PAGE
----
The Big Bopper, Buddy Holly and Ritchie Valens. Photo credit: Far Out Magazine.

“Music and rhythm find their way to the secret places of a man’s soul.” – Plato

“Just let me hear some of that Rock ‘n’ Roll music, any old way you use it.  Its got a back beat you can’t lose it, any old time you choose it. Gotta be Rock ‘n” Roll music if you wanna dance with me.” – Chuck Berry

“Drums and rhythm got a hold on me too, I got the rockin pneumonia and the boogie-woogie flu.” – Huey “Piano” Smith

“Just take those old records off the shelf, I’ll sit and listen to ‘em by myself. Today’s music a’int got the same soul, I like that old time Rock ‘n’ Roll – Bob Seger

            What follows is, of course, just one person’s opinion. Don McLean’s “American Pie” is a brilliant, beautiful, even poetic lyric and a riveting way to demarcatea period of American cultural history. But what do those lyrics mean? Aside from the clear and direct referencing to the tragic plane crash that took the lives of Buddy Holly, Ritchie Valens and the Big Bopper, their meaning has been debated (often hotly!) and argued about.  McLean himself has been incredible tight-lipped about their meaning. For a long time when he was asked what they meant, he would simply say they mean I never have to work again. When his original manuscript was to be auctioned in 2015, he said he would comment more fully but all he said was that I thought American society was changing and not for the better. American society? Well….  But what about the cryptic “the day the music died?”

Don McLean “American Pie” lyrics

            I’m a few years older than McLean so I was there then. I was also a musician – a drummer.  In fact, on the night of Holly’s plane crash I was playing Bob Seger’s “Old Time Rock ‘n’ Roll” behind /with my good friend Bob Bowles – a guitarist. I actually thought about playing drums for a living. But a prof once asked me if I liked to eat regularly and sleep inside? Before I could answer he said if you do then forget those drums and go to grad school. So I did. My friend Bowles on the other hand, graduated high school, put our hometown in his rearview mirror and headed to Detroit, became Robert “Boogie” Bowles and the most important session guitarist in Motown history. (Look it up.) Anyway, by early 59, we (my friends and I) already had serious misgivings about what was happening to Rock ‘n’ Roll.

Robert Boogie Bowles

My contention here is that Rock ‘n’ Roll is a very specific kind of music. The term quickly became general and kind of synonymous with “popular” or “Rock.” Big Joe turner said that “Rhythm and Blues” had a baby and they called it Rock ‘n’ Roll. Originally the term had nothing to do with music. It was a descriptive term for amorous activity. (“my baby rocks me with a steady roll.”) In early R’N’R the sexual context was paramount, sometimes coded but still paramount. Even my old man realized that Hank Ballard’s “twist” was not about dancing. And this music was driven and powered by what came to be called backbeat – used most prominently by  R’N’R greatest drummer – Earl Palmer.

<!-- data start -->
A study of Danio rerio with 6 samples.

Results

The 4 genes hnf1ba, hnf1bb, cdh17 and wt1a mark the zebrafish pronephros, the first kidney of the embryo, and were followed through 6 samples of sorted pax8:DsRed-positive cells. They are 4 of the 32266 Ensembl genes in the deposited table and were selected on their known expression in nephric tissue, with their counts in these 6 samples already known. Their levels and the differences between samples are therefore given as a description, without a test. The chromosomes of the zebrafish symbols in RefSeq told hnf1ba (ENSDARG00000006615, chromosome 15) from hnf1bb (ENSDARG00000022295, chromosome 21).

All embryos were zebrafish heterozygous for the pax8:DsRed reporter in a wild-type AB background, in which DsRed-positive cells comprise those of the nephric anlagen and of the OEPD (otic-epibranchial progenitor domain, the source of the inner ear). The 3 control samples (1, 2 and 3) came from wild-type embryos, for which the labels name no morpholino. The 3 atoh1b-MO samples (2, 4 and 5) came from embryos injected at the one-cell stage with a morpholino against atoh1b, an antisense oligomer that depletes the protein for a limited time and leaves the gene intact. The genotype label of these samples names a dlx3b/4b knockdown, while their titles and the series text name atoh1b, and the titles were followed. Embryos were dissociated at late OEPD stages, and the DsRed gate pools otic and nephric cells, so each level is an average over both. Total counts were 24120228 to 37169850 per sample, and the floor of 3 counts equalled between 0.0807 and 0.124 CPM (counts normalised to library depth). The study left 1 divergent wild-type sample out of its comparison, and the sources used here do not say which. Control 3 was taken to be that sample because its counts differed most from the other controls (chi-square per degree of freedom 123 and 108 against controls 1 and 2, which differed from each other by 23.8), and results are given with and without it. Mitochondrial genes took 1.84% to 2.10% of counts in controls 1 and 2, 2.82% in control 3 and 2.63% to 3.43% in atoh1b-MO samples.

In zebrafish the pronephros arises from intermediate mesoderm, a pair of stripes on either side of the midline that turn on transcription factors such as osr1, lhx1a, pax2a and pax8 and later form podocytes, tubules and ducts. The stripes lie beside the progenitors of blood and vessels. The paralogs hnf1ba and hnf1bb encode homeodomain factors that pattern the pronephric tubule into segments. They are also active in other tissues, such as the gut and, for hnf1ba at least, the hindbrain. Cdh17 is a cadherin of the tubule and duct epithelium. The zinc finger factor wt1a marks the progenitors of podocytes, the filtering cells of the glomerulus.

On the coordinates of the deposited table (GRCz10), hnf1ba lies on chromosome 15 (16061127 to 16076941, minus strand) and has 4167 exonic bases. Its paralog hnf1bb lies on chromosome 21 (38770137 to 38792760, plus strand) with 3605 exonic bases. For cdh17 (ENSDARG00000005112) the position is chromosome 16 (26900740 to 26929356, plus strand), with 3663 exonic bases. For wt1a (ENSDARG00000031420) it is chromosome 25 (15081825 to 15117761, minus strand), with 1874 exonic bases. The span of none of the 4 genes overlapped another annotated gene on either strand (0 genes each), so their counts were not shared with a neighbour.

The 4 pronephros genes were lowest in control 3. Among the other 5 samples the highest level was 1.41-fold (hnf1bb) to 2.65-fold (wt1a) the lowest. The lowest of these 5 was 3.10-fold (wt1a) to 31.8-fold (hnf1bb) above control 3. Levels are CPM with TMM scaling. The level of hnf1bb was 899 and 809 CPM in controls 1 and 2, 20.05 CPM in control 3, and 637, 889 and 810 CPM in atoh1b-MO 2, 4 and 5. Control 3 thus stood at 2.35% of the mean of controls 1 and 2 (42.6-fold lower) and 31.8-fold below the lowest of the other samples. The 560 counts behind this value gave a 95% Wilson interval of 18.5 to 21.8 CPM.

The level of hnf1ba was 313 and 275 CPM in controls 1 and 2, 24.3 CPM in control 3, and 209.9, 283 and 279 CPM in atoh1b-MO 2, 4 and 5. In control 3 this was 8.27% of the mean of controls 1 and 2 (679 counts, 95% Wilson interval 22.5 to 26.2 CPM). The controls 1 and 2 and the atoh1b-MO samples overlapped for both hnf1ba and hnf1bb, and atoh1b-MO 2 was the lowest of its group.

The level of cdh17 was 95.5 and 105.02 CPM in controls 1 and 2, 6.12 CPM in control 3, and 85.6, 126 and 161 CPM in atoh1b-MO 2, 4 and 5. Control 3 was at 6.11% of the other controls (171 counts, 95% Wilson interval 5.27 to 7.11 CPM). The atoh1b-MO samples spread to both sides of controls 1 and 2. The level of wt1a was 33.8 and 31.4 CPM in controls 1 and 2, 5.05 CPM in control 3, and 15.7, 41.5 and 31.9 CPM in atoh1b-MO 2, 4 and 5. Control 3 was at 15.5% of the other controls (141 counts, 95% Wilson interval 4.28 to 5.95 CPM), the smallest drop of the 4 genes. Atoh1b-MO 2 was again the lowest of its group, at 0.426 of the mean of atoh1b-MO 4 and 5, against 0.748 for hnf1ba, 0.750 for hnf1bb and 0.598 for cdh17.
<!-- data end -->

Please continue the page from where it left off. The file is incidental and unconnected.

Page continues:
So what happened? In retrospect, some of the changes were inevitable. The Payola scandals, big corporations buying out, pushing out small independent labels, legal problems, contractual difficulties, military service, car accidents, stupid moral and ethical decisions (Jerry Lee Lewis marrying his 13 year old cousin!), musicians trying to record for multiple companies. The music did not really die, it just seemed as if it did – and some like me, Chuck Willis and Don McLean refused to hang up their Rock ‘n’ Roll shoes!

American Pie lyrics, by Don McLean.


  1. Nice going, Page; great personal tie-in. Over the years McLean has left a number of “bread-crumb” hints as to the song’s lyrics & meaning, but only hints (though they do seem to make sense). The one item that stands out to me is that McLean REALLY disliked 1960s “hippie rock” and Mick Jagger-at-Altamont in particular.

  2. When I was 8 “American Pie” was among my favorite songs (also including “The Lion Sleeps Tonight” by Robert Janet and “Rockin’ Robin” by the Jackson 5). I liked it especially because you had to turn the 45 over to hear the whole song. The music critic Robert Christgau makes a distinction between “rock and roll”–the rhythm and blues-based music from the 1950s–and “rock,” the white dominated music of bands like Led Zeppelin, The Who etc. (and then extended into what I call the “Dark Days” of bands like Styx, Kansas, Rush and the like). Then rock went to war with Disco in the 1970s, because disco had reaffirmed the primacy of black people in its creation. As a kid I didn’t know what it meant (The Jester stole his thorny crown?) but I did know about the plane crash–I took it as a general statement of anger and loss (levee’s dry. Father-Son-Holy Ghost leaving for the Coast). I still have the 45…times change, of course, and I lack a turntable on which to play it..and now teachers look for other ways to eat regularly. Now if you can tell me what the hell is going on in “Desolation Row” I’d appreciate it.
    Thank you for the remarks, Professor Page.